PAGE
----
Friday, November 26, 2010

Video Games as a Literature - Professor Layton Series

Professor Layton 
How It Is a Literature

The current age of technology is rapidly evolving, from books going electronic and the fastest source of information lies within the internet, it can be equally said that video games are becoming the new form art as well as literature, just as much as film.

As an individual who loves a good novel as well as plays video games on a regular basis (what with being in a major for video games), it isn't hard to view video games as the new literature. To some, a good book needs a well rounded character, an engaging plot, and an opportunity to engulf the reader into the book's world, and to me, video games are not that far off from a book's objective. Of the many video games that I have played over the course of my life, there is one video game that is just as engaging as book as well as a movie: and that game series is called “Professor Layton”.

With most games being a fast pace, first person shooters, or an extremely violent beat 'em all, Professor Layton as a genre is a point-and-click puzzle mystery, with puzzles being the core gameplay. Ca not cross a bridge? A guard is blocking your path? The only solution is not to beat the guard up or find an alternative route, it is to solve puzzles. What is beautiful about the game, is while the gameplay may be a very slow paced brain teaser, the plot and characters are overly engaging that pulls the player into the world of Professor Layton, with characters ranging from the Professor himself to the side characters that are in need of help to the plot where it becomes a life/death situation and can change it's pace form being light hearted and cheery to dark and serious, Professor Layton's plot is perfectly paced and presented that it could be give as a novel. The story is also told through dialog between characters in game, as well as beautifully animated cutscenes, which gives a feeling of a film like movies; considering films to some is a form of literature.

While a plot is great and helps sell a novel into a powerful literature, characters are what needed in order to make a literature fantastic, and Professor Layton is chalk full with powerful and engaging characters. The main character of the series are well rounded and engaging starting from the main character and his iconic top hat to the villain of each game. 

The players at the start of the game are introduced to the main character, Professor Hershal Layton, professor of archeology that teaches at Grensheller University with a keen eye for detail and an enthusiast for puzzles, he is also a gentleman of the upmost extreme and is always caught wearing his iconic top hat. With him at all time, is his self appointed apprentice, Luke Triton, who is studying under the Professor in terms of loving and solving puzzles and becoming a gentleman himself. He has a unique ability to talk with animals, which has came in handy in more then one situation when it came to solving puzzles. Together, the two gentlemen go off to solve mysteries sent out by people in need of the Professor's wit.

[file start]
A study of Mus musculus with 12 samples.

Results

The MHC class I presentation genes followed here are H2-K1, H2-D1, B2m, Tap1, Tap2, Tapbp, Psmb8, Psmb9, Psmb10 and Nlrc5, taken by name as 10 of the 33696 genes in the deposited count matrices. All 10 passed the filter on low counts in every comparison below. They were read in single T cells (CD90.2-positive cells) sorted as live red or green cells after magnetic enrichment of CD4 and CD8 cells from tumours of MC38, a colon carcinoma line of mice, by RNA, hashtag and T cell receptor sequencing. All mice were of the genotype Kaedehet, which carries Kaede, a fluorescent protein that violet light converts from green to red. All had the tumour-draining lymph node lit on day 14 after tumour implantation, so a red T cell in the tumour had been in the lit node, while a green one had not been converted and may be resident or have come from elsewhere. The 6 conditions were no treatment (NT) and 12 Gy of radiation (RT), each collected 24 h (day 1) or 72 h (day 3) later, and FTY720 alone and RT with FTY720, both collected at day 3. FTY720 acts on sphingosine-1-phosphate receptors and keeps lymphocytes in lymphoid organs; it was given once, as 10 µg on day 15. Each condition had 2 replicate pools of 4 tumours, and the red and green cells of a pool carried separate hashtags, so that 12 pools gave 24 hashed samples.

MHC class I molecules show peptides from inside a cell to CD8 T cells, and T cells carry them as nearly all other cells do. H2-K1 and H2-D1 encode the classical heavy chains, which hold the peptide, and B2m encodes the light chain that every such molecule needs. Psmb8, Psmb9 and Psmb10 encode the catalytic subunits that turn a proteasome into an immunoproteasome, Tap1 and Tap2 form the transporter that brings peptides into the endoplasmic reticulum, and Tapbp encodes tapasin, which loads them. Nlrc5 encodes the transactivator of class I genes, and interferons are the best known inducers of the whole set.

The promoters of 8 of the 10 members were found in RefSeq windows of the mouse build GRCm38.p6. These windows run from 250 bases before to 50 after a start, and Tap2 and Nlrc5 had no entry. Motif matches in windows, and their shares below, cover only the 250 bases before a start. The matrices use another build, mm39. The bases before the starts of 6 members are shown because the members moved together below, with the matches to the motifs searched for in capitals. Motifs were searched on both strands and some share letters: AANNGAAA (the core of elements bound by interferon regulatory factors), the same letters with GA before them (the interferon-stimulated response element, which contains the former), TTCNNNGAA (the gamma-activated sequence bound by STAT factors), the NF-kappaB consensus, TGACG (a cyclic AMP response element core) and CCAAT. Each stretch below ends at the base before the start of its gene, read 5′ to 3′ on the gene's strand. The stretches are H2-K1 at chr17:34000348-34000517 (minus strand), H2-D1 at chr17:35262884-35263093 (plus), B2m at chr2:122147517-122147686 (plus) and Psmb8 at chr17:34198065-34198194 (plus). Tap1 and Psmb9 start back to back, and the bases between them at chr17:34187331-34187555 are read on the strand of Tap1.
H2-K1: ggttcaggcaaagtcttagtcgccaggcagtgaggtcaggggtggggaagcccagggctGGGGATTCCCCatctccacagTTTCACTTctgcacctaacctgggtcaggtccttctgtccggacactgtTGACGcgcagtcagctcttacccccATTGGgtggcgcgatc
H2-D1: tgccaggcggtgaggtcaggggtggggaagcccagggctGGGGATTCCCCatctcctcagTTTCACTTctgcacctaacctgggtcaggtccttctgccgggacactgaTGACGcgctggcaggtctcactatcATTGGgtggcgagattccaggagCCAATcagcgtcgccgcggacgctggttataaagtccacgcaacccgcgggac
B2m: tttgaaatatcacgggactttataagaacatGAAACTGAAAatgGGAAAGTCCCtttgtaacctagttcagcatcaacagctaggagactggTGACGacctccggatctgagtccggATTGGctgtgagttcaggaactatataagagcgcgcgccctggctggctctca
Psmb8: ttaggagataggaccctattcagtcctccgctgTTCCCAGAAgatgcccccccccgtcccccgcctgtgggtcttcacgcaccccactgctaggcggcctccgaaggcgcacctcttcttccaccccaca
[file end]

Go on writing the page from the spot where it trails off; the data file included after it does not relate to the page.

While on the outside, most players would find the Professor a bit one dimensional when it comes to just being a gentleman and solving puzzles, he actually has more depth in to his character then one could assume. The Professor has been shown to be able to solve mysteries faster than the Scotland Yard's top inspector and be able to pull of MacGuyver in every scenario, an example being when the Professor had to rescue a female stuck in a tower, and was able to whip up in less then a minute a flying machine using only a pole, window cloth, a chair, and the female's string. Layton has shown as well to be an expert sword fighter, but, being an English Gentleman that he is, only does so in order to defend himself and not cause harm to his opponent, who is hell bent into killing the Professor because he mistook the Professor for “stealing” his love. 

In one of the later games in the series, it is revealed that the Professor at one point had a love interest; she was the one who game him his iconic top hat (a hat that no gentleman should be without) as well was Layton's inspiration of becoming a Professor as well as a true English gentleman. However, she died in an explosion while trying out a scientific experiment, leaving Layton emotionally scarred.

It is almost impossible to not view Layton as a well rounded character, something that is almost missed in fast paced games and sometimes in novels themselves. So to me, out of all the games I have played with engaging plot and characters, it is Professor Layton that has won to me the best attention to plot and character for a video game and helps shape the argument that video games are, in fact, a new form of literature and should be treated as such.